Come to the gym and do wallballs or stay at home and do thrusters. What kind of choice is that?
Last Tuesday I wrote about the lovely predictability of probabilistic statistics to help us determine what's possible, or how to get by with a little help from mathematics.
Sometimes, people who want to gaslight us into believing conspiracy theories use what looks like statistics to "prove" their point. They'll show graphs, charts, tables and other scientific looking things to show us the "real" truth.
Statistics in and of themselves mean nothing without thorough analysis and exploration of confounding variables. Two of the most common pitfalls of erroneous statistical analysis are correlative causation and confirmation bias.
Correlation is not causation means that just because two things have a relationship it does not mean one thing causes the other. An example might be, every time you have a PR your Coach is wearing black pants. Therefore, your coach's black pants are the reason you PR. Sounds crazy right? What about when someone shows you the data?!? Here's one of my favorite examples of correlation is not causation. This graph shows a relationship between the U.S. per capita consumption of cheese and the number of people who died by becoming tangled in their sheets.
Based on the data you could erroneously conclude that eating cheese increases your risk of death by becoming tangled in your sheets. But, you won't conclude that because there is no causal relationship.
But, what if the data was something you thought could be "possible." What if it shows two things that you believe "could" be related. That's where we get into trouble with conformation bias. We are more likely to believe a relationship is causative if it reinforces our beliefs.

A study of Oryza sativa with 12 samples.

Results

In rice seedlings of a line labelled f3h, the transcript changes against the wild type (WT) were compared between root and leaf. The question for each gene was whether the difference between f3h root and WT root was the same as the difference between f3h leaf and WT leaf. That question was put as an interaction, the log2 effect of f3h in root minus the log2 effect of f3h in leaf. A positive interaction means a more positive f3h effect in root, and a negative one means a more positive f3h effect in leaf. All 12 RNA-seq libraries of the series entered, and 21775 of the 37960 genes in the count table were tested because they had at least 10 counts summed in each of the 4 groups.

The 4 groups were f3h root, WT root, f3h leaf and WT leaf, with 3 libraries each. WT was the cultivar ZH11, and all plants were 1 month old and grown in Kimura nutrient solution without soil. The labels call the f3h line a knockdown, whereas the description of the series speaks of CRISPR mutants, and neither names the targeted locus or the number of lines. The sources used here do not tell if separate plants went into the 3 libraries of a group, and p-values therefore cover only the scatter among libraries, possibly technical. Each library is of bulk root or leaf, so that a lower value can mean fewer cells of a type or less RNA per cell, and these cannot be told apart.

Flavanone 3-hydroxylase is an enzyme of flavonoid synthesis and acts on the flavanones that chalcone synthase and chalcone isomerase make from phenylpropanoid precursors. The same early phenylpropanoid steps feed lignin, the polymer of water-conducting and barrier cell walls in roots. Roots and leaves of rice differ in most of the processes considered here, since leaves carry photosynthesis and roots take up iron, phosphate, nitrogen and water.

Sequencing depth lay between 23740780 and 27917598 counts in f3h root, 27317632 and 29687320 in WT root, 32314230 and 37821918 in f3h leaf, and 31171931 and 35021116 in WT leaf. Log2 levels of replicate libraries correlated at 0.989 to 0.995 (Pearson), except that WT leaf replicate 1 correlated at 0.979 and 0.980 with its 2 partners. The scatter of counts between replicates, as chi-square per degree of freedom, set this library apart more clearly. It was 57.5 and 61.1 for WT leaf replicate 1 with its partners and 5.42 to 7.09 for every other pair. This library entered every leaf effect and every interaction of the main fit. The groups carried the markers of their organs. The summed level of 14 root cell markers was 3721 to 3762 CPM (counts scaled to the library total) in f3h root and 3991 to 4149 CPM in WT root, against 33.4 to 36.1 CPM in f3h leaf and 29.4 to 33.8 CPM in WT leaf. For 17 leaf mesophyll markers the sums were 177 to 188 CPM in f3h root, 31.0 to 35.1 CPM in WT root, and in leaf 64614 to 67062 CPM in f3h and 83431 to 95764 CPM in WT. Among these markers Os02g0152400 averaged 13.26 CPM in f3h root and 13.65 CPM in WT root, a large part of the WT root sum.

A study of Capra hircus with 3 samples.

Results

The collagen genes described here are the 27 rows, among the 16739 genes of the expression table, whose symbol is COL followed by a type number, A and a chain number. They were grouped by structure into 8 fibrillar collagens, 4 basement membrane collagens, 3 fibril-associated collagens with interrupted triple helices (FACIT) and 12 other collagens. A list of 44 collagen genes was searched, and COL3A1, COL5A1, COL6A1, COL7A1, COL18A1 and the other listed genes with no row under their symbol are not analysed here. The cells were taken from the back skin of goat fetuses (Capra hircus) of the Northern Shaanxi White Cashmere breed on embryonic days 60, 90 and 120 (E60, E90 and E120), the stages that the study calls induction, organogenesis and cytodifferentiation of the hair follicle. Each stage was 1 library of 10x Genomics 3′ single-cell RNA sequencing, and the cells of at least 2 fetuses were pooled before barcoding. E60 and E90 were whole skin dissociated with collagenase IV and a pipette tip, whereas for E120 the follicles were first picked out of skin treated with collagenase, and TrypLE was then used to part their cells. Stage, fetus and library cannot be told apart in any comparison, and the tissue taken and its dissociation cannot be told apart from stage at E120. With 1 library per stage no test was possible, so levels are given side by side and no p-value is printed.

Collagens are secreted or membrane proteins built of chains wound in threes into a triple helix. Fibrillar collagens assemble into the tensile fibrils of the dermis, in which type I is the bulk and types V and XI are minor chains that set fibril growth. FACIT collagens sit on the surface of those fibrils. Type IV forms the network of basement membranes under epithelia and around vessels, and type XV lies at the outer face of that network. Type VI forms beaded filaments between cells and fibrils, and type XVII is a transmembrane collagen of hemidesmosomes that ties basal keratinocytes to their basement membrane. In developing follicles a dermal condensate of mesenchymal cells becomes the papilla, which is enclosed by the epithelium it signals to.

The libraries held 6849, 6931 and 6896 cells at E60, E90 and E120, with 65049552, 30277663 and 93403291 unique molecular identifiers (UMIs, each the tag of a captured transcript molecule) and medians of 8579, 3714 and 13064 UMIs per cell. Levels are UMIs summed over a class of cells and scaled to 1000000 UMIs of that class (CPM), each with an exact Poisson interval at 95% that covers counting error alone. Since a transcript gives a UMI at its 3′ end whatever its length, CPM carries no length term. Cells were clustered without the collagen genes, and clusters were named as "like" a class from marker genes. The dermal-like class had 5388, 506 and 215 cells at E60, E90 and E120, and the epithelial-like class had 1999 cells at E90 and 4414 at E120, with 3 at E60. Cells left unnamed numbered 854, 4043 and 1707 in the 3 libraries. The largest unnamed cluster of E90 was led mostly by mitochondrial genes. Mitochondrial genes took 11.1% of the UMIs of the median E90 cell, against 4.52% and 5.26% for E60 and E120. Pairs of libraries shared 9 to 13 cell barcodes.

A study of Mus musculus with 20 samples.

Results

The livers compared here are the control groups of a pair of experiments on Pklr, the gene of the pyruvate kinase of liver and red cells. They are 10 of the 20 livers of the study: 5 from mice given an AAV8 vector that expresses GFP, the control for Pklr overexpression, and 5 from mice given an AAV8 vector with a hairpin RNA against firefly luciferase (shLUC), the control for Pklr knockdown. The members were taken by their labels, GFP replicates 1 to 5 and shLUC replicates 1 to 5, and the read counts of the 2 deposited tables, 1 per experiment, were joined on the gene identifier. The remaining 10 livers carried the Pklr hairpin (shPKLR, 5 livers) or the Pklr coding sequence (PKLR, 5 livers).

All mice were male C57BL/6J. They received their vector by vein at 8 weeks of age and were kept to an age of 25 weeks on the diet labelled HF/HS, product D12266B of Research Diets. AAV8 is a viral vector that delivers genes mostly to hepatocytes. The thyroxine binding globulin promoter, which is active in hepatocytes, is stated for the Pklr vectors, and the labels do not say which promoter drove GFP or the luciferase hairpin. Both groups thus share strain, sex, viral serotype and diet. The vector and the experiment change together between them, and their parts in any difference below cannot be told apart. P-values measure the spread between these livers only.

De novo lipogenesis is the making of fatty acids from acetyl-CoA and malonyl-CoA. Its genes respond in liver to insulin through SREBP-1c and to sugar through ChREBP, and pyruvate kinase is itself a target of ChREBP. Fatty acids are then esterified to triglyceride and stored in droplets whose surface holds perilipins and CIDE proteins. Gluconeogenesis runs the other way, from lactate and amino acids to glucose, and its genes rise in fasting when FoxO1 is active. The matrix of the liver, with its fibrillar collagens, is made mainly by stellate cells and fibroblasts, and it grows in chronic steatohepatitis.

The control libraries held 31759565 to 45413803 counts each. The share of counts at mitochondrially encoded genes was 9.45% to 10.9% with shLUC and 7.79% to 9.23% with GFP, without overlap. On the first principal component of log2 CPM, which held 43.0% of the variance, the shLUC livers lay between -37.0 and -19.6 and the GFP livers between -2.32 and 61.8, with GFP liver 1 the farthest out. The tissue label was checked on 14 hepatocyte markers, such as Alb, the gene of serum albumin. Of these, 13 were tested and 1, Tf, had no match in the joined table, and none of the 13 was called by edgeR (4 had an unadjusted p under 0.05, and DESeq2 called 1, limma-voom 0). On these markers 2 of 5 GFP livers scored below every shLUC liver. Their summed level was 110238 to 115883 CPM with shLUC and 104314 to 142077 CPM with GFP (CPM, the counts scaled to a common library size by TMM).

You want to believe that a specific public health measure does or doesn't work? All someone needs to do is show you correlative data and you'll believe it because of your own personal confirmation biases.
EVERYONE can fall prey to their confirmation biases, that's why when a scientist conducts a statistical analysis of the data they use something called a confidence interval, a mathematical projection of the probability of relationship. This confidence interval is symbolized by the letter R and it has a real value that helps guide statistical analysis. The stronger the R value the more confidence we can have in the analysis.
There are other more robust and exciting ways to measure confidence and I don't want to get into the statistical weeds in my blog about CrossFit:) When all this craziness dies down and you want to talk about ANOVA and ANCOVA over whiskeys at Bozeman Spirits I will so happily meet you there.
For now, I encourage everyone to think in terms of probability not possibility and to have confidence (or not) in scientific analysis rather than belief. Try to recognize what your personal confirmation biases (hint, they are deeply rooted in your beliefs) and see if you can look at things through an objective lens. Good luck!